Friday, September 14, 2012

Honey Glazed Ham on Sweet Potato Biscuits with Blackberry-Balsamic Drizzle

Sometimes when I visit my in-laws in the South, they serve delicate little ham biscuits (usually on special occasions, as hors d'oeuvres). These are really nothing like those, except that there's a biscuit and there's ham. But the biscuit is totally different (bigger and sweet potato) and the ham is honey glazed, not extra salty, country heart attack ham (which everybody loves, but hopefully no one has an actual heart attack at your party). These are more hearty (although one is definitely too small for lunch - you'd probably need 3 or 4). They may not be big, but there's a lot of flavor packed into these petite sammies. The biscuit is slightly sweet. The ham is salty. The arugula is a little bitter and crunchy. The drizzle is tangy and sweet. Sound delightful? It is.

Side thought: Why do people call sandwiches sammies? Last time I checked, there's no m in there anywhere. Come to think of it, I've also called my daughter punkin. But I use it on those days that she's acting like a cross between a pumpkin and a punk.

Yield: 14 biscuits

Sweet Potato Biscuits:
1 pound sweet potatoes (2 to 3 potatoes)
2 tablespoons buttermilk
1/4 teaspoon freshly grated nutmeg
2 1/2 cups all-purpose flour, plus extra for dusting
3 tablespoons brown sugar
1 1/2 teaspoons baking soda
3/4 teaspoon salt
1 1/2 sticks cold butter, small diced
1 tablespoon vegetable oil
2 tablespoons butter, melted and slightly cooled

Blackberry Balsamic Drizzle:
1 (12 to 13 oz.) jar blackberry preserves
1 cup packed fresh basil leaves, stems and all
1/2 cup balsamic vinegar
1/4 cup yellow mustard, such as French's
1 teaspoon whole black peppercorns
1 serrano chile, split in half

14 slices honey baked ham (or your favorite ham), torn into pieces to fit the biscuits
arugula, for serving

1.      For the biscuits: Preheat oven to 425˚ F. Poke the sweet potatoes with the tines of a fork and bake until tender, about 1 hour. Let the potatoes cool, and then peel them, discarding the skins.
2.      In a food processor, puree the potatoes with the buttermilk and nutmeg until smooth.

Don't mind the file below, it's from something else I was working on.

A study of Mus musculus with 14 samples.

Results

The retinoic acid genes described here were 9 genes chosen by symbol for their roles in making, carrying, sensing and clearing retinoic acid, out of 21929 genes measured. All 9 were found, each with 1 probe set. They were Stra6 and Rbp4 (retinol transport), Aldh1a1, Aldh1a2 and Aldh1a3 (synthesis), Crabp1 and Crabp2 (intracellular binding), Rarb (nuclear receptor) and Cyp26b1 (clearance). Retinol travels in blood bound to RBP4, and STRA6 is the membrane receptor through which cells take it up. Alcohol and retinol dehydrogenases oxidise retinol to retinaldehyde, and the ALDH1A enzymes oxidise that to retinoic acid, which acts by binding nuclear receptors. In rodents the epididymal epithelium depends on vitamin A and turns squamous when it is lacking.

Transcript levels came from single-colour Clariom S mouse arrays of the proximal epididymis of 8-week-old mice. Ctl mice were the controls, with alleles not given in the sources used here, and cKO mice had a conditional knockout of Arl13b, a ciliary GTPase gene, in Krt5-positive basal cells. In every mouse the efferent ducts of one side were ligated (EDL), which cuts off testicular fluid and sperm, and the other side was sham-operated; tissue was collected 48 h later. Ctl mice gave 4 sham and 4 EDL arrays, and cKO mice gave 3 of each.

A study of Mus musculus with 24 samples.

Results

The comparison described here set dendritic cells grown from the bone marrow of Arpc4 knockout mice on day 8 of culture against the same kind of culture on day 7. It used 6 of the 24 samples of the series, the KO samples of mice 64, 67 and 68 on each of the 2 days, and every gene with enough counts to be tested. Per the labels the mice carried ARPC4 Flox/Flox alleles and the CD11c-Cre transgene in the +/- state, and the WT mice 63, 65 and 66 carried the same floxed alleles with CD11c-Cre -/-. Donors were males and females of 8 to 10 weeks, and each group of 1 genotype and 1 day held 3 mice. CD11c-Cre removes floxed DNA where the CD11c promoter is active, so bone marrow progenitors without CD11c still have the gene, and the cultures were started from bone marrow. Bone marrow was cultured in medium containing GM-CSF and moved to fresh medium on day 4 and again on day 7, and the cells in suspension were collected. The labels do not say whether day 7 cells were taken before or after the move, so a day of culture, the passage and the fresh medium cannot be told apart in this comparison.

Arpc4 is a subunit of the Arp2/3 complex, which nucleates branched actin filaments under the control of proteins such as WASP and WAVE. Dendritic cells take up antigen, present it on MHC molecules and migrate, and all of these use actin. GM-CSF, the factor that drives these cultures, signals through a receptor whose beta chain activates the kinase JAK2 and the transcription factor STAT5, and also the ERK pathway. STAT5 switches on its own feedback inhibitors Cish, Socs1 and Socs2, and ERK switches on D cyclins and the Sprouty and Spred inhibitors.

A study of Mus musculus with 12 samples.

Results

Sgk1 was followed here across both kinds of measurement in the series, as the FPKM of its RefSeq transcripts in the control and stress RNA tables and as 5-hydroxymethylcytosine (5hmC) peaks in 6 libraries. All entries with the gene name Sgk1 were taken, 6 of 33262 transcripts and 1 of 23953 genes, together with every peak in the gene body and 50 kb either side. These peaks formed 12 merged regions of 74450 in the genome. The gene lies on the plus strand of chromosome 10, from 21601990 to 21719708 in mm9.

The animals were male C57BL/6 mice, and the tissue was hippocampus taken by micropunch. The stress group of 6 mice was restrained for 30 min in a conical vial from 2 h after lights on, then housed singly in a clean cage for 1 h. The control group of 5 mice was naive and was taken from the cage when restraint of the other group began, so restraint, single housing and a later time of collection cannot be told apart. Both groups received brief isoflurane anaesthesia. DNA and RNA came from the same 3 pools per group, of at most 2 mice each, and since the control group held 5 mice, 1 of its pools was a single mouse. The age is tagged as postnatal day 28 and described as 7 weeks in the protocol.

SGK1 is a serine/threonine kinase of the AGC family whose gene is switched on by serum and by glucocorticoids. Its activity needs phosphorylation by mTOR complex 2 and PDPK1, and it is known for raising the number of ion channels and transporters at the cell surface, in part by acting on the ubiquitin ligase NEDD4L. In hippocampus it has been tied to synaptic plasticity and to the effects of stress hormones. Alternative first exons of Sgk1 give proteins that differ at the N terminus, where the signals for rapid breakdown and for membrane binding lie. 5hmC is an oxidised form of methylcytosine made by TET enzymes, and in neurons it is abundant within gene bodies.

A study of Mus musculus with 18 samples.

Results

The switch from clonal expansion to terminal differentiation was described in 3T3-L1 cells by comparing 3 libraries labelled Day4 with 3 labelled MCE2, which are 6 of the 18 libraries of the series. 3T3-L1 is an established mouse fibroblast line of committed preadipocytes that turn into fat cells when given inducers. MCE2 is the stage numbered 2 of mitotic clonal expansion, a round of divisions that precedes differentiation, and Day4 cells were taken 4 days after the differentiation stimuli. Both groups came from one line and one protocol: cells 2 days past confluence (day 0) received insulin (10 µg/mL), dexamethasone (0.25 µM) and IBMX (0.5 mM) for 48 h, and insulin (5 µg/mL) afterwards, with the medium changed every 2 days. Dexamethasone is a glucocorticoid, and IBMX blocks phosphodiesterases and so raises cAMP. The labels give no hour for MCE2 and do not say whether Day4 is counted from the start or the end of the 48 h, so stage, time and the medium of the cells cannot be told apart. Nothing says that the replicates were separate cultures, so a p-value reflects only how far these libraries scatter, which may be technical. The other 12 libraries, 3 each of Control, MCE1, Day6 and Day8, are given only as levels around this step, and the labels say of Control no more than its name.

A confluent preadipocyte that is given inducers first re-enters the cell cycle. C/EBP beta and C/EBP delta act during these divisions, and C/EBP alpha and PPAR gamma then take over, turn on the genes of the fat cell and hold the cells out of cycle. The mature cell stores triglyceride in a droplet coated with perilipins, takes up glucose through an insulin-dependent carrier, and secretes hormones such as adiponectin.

3.      Whisk together the flour, sugar, baking soda and salt. With your fingertips or a dough cutter, cut in the cold butter until pea-size chunks are formed. Fold in the sweet potato puree until just combined, being careful not to overwork.
4.      Dust a work surface with some flour and turn the biscuit dough onto the counter. Form the dough into a 3/4-inch-thick disc. Using a 2 1/4-inch round biscuit cutter, cut out 14 biscuits, starting on the outside of the disk and working your way in. You may need to reshape the last bits of dough back into a disk to get all 14 rounds.
5.      Grease a 10-inch cast-iron skillet with the vegetable oil and place the biscuits in the skillet, working from the center out. The biscuits should be a tight fit and nestled against each other. Brush the biscuit tops with the melted butter and bake until golden, 15 to 18 minutes.
6.      For the blackberry balsamic drizzle: Combine the preserves, basil, vinegar, mustard, peppercorns and chile in a medium saucepot on the stove. Set over medium heat. Simmer the sauce until thickened, 7 to 10 minutes. Strain the reduction through a fine sieve. Thin with water if needed.
7.      For the sandwich build: Split the hot biscuits, place some of the torn ham on the bottom half, drizzle the Blackberry Balsamic Drizzle over the ham and then pile some arugula on top for a peppery bite.

from Jeff Mauro
sweet potatoes
baked sweet potatoes
peeled sweet potatoes, buttermilk & nutmeg
sweet potato puree
flour, brown sugar, baking soda & salt
adding butter
butter mixed; adding sweet potato puree
sweet potato biscuit dough
cutting into rounds
in the pan
brushing with butter
brushed with butter
sweet potato biscuits
blackberry-balsamic drizzle ingredients
mixing & cooking
blackberry-balsamic drizzle
drizzling the drizzle on top of
ham (well, spooning/drizzling)
topped with arugula and biscuit top



Getting ready to make this for Sunday's picnic, how far in advance can/should I make the drizzle?

Susan said...

You should be able to make the drizzle the day before. But I wouldn't be surprised if it gets a little too thick in the refrigerator (if so, just rewarm and thin with a little water if needed). Have fun on your picnic!